DRAYTON – Golden shovels were brought out at the Setp. 8 groundbreaking ceremony for Drayton’s long anticipated water tower.
Flanked by township councillors and staff from Cima consulting and Landmark Structures, Mapleton Mayor Gregg Davidson addressed town staffers and reporters, saying the project had been a long time coming.
On Davidson’s count, gravelly dirt scraped against sinking shovels as the group put boots to blades.
“Finally, we are breaking ground,” Davidson remarked.
Drayton has dealt with water pressure issues and concerns over adequate water stores for fire suppression.
Originally estimated at $4 million, the township awarded to Burlington-based Landmark Structure Co. a $6.1-million contract in June, based on the increased cost of building materials attributed to the COVID-19 pandemic.
“This council has been working on this since December 2018 when we first got sworn in; the council prior to that were also talking about it, and councils before that were talking about it,” Davidson told the Advertiser.
“We are very fortunate to be at this stage now where we now can see the actual growth of this water tower starting.”
The elevated water tower and tank will be incorporated into the existing well pumping system and will be complete with chemical rooms, piping, and mechanical and electrical elements.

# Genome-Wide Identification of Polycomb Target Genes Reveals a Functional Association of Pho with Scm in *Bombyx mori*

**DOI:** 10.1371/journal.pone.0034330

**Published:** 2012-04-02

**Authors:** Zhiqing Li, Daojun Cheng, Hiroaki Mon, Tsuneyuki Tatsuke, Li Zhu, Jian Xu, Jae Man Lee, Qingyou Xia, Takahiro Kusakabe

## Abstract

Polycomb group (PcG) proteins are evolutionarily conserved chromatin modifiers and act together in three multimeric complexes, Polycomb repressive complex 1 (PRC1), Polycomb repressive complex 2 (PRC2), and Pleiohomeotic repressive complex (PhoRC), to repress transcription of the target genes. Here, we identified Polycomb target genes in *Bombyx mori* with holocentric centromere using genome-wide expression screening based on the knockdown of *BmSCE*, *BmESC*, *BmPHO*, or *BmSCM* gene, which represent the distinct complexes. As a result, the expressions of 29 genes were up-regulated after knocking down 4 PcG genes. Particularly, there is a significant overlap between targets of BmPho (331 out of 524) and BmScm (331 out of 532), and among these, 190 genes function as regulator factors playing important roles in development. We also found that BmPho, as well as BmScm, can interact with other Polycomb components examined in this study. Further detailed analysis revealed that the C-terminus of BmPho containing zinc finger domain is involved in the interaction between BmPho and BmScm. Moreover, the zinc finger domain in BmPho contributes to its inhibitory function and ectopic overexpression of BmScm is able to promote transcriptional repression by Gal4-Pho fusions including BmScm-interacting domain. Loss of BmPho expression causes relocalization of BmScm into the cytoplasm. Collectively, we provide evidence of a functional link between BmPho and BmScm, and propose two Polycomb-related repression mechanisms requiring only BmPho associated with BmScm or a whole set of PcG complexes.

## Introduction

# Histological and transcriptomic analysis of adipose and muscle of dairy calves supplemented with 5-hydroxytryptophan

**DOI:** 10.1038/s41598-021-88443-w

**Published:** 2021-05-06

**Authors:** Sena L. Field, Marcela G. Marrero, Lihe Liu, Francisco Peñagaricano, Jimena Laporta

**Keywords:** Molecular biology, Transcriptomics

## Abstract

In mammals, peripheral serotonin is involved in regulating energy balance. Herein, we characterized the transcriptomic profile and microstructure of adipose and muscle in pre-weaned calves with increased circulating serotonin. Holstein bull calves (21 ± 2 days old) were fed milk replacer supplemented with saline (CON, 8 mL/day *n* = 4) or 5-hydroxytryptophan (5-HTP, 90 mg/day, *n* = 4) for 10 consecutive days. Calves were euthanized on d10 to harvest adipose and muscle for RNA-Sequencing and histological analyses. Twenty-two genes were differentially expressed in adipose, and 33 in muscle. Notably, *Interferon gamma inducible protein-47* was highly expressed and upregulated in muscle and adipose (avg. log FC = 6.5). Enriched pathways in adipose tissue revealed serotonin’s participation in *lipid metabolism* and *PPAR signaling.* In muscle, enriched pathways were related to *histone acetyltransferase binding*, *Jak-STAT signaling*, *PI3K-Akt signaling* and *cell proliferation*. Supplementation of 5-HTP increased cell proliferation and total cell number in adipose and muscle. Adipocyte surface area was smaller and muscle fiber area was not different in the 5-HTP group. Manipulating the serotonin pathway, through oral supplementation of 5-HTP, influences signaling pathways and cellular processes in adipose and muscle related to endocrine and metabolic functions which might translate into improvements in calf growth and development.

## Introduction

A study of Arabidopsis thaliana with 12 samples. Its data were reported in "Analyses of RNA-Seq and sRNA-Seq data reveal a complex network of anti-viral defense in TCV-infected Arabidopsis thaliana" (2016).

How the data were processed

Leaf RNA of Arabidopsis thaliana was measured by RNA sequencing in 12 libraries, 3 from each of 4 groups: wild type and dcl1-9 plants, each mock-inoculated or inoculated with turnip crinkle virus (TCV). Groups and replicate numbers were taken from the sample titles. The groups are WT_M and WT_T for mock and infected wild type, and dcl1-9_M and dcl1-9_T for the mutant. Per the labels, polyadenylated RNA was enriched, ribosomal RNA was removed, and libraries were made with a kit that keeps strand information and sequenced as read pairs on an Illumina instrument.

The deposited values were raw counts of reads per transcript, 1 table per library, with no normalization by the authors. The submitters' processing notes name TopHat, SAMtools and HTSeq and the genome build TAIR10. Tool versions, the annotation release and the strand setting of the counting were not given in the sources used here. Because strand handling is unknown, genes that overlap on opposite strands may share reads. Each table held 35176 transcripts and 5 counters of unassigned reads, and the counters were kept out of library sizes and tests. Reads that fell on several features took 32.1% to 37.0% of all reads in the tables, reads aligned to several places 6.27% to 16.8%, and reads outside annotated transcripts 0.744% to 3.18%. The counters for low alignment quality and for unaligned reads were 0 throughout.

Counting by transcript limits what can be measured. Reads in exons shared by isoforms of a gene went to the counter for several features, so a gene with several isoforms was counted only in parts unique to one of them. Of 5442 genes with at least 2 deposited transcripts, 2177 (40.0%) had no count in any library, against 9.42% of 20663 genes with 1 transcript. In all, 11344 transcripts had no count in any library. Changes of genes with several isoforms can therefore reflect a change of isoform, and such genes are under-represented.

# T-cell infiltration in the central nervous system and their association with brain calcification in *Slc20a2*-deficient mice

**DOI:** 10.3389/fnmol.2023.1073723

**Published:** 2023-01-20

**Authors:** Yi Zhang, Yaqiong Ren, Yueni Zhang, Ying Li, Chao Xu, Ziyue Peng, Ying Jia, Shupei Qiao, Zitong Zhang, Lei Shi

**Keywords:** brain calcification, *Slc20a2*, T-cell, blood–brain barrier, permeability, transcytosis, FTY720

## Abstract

It’s hard to imagine a hulking tower rising from the humble patch of land situated off Drayton Industrial Drive, but work is likely to begin next week with completion forecasted for the spring of 2023, said Mapleton public works director Sam Mattina.
Cima consulting engineer Tom Montgomery has worked on at least 30 water towers during his career.
“There’s a deficit in storage in the system itself,” he said of Drayton’s supply.
“If your pump ever goes down, you don’t have backup storage to be able to supply the customers.”
Montgomery explained the water tower is essentially a water main reaching over a hundred feet tall.
Pumps fill the tower and shut off. As community demand lowers the tower’s water level, pumps whir up and refill the tower.
“You’ve always got that floating storage in your system, and when you do that, that stabilizes pressures throughout the whole system so your range in pressures is only going to be like two or three PSI difference between when it comes on and when it’s full,” Montgomery explained.
If there’s high demand in town right now, like with a fire requiring a lot of water, pressures drop without adequate storage.
But with the new tower, Montgomery says supply would have to nearly empty before drastic pressure drops occurred.
“At the end of the day, they [will] have enough storage in here to last them for two days if their wells go down,” Montgomery said, adding the design, based on future population projections, will last for several decades.
Now that the dirt has at long last been tossed, the photo op staged and congratulations passed around, it’s time for the serious work to begin.
First, the tower’s base will be poured, followed by 10-foot sections, stacked on top of each other.
“I’m looking really forward to seeing the different stages as they build this over the next year,” Davidson said.
“We look really forward to this new landmark.”